BERLIN (JTA) — Charges were filed in Germany against a Cologne man for his alleged involvement in the June 1944 massacre of hundreds of civilians in France.

Named only as Werner C., the 88-year-old defendant was charged by the prosecutor in the western German city of Dortmund with gunning down 25 civilians in Oradour-sur-Glane along with other members of his SS tank infantry unit called Der Fuhrer.

The defendant was 19 at the time, so the trial would be heard in a youth court, a spokesman for the Regional Court of Cologne told the Cologne Internet newspaper report-k.de.

Andreas Brendel, the Dortmund state prosecutor, developed the case against Werner C.

“We highly commend his proactive efforts,” Efraim Zuroff, the chief Nazi hunter for the Simon Wiesenthal Center, told JTA.

Survivors of the Oradour-sur-Glane massacre allegedly were shot by other members of the commando unit; the barn in which they were held was then burned down. Reportedly the act was in retribution for the alleged kidnapping of an SS commander.

In all, 642 village residents were murdered. More than half were women and children locked into a church that was set ablaze. The defendant reportedly also was charged as an accessory in the church massacre by cordoning off and guarding the church or by bringing flammable material inside.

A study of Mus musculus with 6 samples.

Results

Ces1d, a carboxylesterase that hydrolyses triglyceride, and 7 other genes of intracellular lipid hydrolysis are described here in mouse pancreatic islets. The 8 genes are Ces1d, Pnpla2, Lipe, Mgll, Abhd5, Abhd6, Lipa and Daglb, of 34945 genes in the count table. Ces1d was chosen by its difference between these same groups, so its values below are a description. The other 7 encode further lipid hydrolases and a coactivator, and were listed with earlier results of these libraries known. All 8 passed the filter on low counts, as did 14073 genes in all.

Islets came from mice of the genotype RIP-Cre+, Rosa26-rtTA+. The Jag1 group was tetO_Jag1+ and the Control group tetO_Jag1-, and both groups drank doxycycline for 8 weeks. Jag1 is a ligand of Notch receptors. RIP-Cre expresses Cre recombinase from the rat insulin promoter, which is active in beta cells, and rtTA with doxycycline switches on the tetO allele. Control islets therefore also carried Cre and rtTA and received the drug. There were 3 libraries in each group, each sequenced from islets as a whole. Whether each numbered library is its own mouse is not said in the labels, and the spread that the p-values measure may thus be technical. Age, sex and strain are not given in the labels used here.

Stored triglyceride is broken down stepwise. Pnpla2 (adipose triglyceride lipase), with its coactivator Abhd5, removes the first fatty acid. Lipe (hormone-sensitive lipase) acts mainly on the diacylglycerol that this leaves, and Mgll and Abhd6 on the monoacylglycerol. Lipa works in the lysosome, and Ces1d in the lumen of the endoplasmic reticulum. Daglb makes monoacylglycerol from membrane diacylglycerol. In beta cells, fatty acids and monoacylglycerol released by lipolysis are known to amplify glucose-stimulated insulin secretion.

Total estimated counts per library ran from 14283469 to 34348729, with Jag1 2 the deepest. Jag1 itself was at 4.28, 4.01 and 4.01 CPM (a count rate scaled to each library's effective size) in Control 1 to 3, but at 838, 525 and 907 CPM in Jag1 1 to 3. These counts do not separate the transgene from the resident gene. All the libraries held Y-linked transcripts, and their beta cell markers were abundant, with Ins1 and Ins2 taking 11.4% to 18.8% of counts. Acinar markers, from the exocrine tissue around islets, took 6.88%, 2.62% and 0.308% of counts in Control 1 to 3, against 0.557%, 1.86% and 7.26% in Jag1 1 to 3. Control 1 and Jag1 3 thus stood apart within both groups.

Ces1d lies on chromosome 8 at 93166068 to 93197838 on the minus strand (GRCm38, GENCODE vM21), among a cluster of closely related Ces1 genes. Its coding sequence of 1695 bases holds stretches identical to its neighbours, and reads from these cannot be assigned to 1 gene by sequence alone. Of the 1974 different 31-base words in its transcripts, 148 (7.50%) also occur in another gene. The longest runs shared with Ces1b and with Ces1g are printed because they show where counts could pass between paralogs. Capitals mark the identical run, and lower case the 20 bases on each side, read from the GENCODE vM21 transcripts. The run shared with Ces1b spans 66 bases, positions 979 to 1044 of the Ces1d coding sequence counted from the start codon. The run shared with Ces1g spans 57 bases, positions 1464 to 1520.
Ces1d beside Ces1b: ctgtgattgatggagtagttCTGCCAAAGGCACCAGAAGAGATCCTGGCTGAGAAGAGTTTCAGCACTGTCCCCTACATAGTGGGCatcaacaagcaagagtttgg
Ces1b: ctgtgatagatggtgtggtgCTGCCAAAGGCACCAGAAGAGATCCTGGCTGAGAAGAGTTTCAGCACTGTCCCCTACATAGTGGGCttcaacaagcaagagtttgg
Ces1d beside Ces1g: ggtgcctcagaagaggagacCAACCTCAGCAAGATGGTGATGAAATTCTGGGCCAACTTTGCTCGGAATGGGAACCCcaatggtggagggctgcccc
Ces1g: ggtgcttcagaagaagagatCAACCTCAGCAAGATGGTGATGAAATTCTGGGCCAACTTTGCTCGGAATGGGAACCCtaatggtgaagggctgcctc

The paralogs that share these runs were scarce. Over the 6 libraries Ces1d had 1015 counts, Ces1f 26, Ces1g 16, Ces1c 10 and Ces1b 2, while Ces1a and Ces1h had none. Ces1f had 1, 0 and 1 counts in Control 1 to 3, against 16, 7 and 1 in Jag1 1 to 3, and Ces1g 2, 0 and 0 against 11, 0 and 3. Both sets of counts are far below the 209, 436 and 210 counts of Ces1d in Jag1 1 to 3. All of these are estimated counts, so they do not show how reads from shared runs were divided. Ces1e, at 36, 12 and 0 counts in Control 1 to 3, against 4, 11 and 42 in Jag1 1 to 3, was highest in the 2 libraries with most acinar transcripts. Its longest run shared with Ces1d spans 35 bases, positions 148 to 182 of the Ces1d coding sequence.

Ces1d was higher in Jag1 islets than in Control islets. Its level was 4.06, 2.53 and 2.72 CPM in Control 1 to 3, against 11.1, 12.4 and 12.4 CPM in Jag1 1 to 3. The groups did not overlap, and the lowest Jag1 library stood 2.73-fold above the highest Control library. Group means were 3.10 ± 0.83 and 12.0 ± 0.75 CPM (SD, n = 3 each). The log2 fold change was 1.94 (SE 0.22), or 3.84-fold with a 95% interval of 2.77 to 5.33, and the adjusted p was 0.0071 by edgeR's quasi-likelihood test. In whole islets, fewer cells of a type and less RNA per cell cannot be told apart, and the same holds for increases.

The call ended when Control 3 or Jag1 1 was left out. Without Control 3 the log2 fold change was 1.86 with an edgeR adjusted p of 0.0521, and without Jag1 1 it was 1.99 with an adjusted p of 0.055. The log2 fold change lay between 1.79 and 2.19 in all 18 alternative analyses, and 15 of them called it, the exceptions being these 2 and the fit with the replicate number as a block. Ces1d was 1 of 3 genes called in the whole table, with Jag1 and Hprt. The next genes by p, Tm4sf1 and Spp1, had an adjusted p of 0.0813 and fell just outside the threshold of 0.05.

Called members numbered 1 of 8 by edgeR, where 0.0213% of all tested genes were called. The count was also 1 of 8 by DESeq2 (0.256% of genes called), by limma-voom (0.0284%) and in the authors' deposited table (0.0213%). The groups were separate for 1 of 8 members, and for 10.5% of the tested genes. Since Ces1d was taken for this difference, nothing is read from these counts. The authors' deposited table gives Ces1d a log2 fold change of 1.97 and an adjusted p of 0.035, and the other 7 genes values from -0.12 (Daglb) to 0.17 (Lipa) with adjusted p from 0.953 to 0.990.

Werner C.’s attorney, Rainer Pohlen, told The Associated Press that his client was in the village but denied any role in the killings.

The Cologne court’s spokesman said the youth court must decide whether a trial will be held. The accused has until March 31 to present evidence that would influence the case or to protest the trial.

Meanwhile, a court in the western German city of Hagen suspended its case against former SS member Siert Bruins, saying there was not enough evidence to continue. The trial against Bruins, 92, a Holland native and now a citizen of Germany, began in September, 69 years after he allegedly killed Dutch resistance fighter Aldert Klaas Dijkema.

Zuroff, whose Operation Last Chance has led to hundreds of tips on possible war criminals, said he was disappointed by the suspension.

“But it is typical of the problems that can be encountered in prosecutions at this date,” he said. Still, Zuroff added, “a prosecution has value because it becomes a history lesson, even if it doesn’t result in punishment.”